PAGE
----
In an unprecedented move, Prime Minister Morgan Tsvangirai yesterday shunned the National Heroes’ Day commemorations at the National Heroes’ Acre and, instead held his own parallel function where he officiated at the burial of his political confidant and Public Service minister Eliphas Mukonoweshuro at Warren Hills Cemetery in Harare.
But MDC-T secretary-general Tendai Biti was conspicuous by his absence at the burial which was attended by almost all the party’s top hierarchy.
The late Mukonoweshuro challenged Biti for the secretary-general’s post and lost at the party’s third national congress held in Bulawayo in May.
In another first, MDC-T youths in Bulawayo also snubbed the national event at Nkulumane Provincial Heroes’ Acre and opted to hold their own commemorations at the party’s provincial offices.
At Warren Hills Cemetery, Tsvangirai described the late minister as a true national hero and said it was befitting he be buried on a day the nation was celebrating the lives of gallant sons and daughters who sacrificed their lives for the liberation of the country.
Mukonoweshuro, who was Tsvangirai’s close advisor and Gutu South MP, died in South Africa on Friday. His burial was attended by hundreds of people, among them Women Affairs minister Olivia Muchena, Youth Development, Indigenisation and Economic Empowerment minister Saviour Kasukuwere, Tourism and Hospitality Industry minister Walter Mzembi (all Zanu PF) and the Deputy Chief Secretary to the President and Cabinet, Retired Colonel Christian Katsande.
“Today is National Heroes’ Day, a day to commemorate those who fought to free Zimbabwe and it is befitting that today we are burying a distinguished person, a distinguished patriot, a person who showed commitment, courage and had a vision not only for the community, but the whole nation,” said Tsvangirai.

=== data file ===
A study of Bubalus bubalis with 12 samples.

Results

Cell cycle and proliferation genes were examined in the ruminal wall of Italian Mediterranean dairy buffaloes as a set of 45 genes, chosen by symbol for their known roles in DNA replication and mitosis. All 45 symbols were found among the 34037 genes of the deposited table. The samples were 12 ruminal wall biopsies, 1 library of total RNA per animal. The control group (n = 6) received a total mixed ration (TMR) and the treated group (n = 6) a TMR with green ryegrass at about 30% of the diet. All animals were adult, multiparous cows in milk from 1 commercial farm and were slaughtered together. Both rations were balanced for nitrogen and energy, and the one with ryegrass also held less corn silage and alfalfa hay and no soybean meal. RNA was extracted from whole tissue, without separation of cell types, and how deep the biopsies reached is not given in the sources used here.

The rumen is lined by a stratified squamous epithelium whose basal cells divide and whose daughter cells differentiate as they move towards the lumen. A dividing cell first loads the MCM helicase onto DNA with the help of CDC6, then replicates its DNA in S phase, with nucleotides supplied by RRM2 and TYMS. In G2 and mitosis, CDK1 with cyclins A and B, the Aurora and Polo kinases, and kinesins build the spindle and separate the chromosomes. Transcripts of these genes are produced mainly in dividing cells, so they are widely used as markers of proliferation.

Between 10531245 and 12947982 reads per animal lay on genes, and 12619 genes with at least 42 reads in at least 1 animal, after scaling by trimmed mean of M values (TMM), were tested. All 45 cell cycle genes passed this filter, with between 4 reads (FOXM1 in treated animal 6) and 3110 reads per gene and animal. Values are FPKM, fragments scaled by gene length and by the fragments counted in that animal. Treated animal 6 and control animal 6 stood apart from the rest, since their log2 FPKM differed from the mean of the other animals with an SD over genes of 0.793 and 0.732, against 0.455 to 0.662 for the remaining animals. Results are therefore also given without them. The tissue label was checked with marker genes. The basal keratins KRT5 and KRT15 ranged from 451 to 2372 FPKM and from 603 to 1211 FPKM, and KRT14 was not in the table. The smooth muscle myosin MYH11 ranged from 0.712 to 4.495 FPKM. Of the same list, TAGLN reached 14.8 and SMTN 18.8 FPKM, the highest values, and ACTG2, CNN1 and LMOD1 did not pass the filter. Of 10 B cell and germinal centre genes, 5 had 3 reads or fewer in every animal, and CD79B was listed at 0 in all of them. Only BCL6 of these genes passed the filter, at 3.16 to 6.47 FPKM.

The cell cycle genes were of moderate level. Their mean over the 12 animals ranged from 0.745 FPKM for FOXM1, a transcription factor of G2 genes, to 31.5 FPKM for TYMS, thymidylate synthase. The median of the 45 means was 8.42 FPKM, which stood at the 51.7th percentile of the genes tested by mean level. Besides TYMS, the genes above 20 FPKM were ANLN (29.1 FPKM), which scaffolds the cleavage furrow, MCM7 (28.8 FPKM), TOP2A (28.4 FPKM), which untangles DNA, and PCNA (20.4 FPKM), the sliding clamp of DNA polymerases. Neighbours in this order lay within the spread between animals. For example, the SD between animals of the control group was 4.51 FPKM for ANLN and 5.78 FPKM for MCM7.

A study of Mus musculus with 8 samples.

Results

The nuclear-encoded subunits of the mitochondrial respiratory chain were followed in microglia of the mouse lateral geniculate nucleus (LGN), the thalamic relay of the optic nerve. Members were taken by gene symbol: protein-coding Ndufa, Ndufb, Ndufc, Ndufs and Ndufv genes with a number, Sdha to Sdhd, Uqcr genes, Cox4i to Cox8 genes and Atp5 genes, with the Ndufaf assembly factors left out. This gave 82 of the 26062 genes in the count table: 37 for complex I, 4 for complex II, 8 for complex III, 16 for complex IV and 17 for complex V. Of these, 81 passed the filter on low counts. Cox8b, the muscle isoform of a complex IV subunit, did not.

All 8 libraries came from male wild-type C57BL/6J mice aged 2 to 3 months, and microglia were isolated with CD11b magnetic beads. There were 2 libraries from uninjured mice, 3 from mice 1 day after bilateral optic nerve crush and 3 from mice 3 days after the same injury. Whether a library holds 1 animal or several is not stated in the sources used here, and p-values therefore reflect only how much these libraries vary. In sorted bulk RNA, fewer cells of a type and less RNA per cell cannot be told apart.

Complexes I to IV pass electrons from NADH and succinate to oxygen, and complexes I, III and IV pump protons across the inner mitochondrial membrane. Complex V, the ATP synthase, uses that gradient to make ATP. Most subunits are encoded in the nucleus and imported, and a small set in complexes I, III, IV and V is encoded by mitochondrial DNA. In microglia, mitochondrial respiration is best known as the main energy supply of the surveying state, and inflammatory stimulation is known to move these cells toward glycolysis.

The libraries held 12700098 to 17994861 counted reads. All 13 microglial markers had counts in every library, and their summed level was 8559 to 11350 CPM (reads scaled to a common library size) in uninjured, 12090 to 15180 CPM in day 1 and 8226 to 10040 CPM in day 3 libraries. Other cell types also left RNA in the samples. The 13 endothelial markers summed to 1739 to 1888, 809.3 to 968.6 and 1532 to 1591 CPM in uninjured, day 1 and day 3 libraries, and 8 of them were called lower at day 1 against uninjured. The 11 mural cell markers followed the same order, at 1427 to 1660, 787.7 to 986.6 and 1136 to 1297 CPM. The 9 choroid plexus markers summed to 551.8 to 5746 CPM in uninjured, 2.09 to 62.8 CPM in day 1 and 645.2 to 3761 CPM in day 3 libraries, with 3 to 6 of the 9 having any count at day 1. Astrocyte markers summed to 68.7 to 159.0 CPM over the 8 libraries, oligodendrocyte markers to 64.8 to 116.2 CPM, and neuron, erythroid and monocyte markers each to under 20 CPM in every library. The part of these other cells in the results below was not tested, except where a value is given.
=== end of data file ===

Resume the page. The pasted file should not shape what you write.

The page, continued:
“. . . He should not be a party hero, he should be a national hero.”
Tsvangirai said it was unfortunate that the issue of heroism had become partisan, but said true heroes were identified by their work and character, adding no party or individual should be allowed to single-handedly determine the status.
He said his party had had its own national heroes, among them Mukonoweshuro and former national chairman Isaac Matongo.
“But, there were many other distinguished Zimbabweans who also deserved the status although they were not politicians. If Thomas Mapfumo dies today, where are you going to lay him to rest?” he asked.
Tsvangirai said Mukonoweshuro’s death had opened a big chasm in his political and social life, adding that the late minister was one of his close maternal relatives.
He, however, admitted he only got to know of the relationship after Mukonoweshuro’s death.
“He was one of my key advisors and he was unwavering in his support and loyalty, which is what any leader would want. Others will be envying my position wishing they were in my seat, but he was not such a person,” he said.
Tsvangirai said Mukonoweshuro was an advocate of dialogue and was one of the party’s negotiators when the party engaged Zanu PF in the failed 2004 talks.
The party’s youths in Bulawayo also unveiled their list of heroes and heroines — some of whom died after they were allegedly kidnapped and attacked by suspected Zanu PF supporters and security agents.
MDC-T provincial youth secretary Kunashe Muchemwa said his party youths were not against the celebration of all the heroes, but felt Zanu PF-organised celebrations were not inclusive.
The youths also presented families of departed party heroes and heroines with certificates of appreciation for the role they played towards democratisation of Zimbabwe’s political landscape.
Disadvantaged families of the departed heroes were given food hampers by the youth who promised to lobby for their future support in any way possible.
Nearly 300 people attended the celebrations.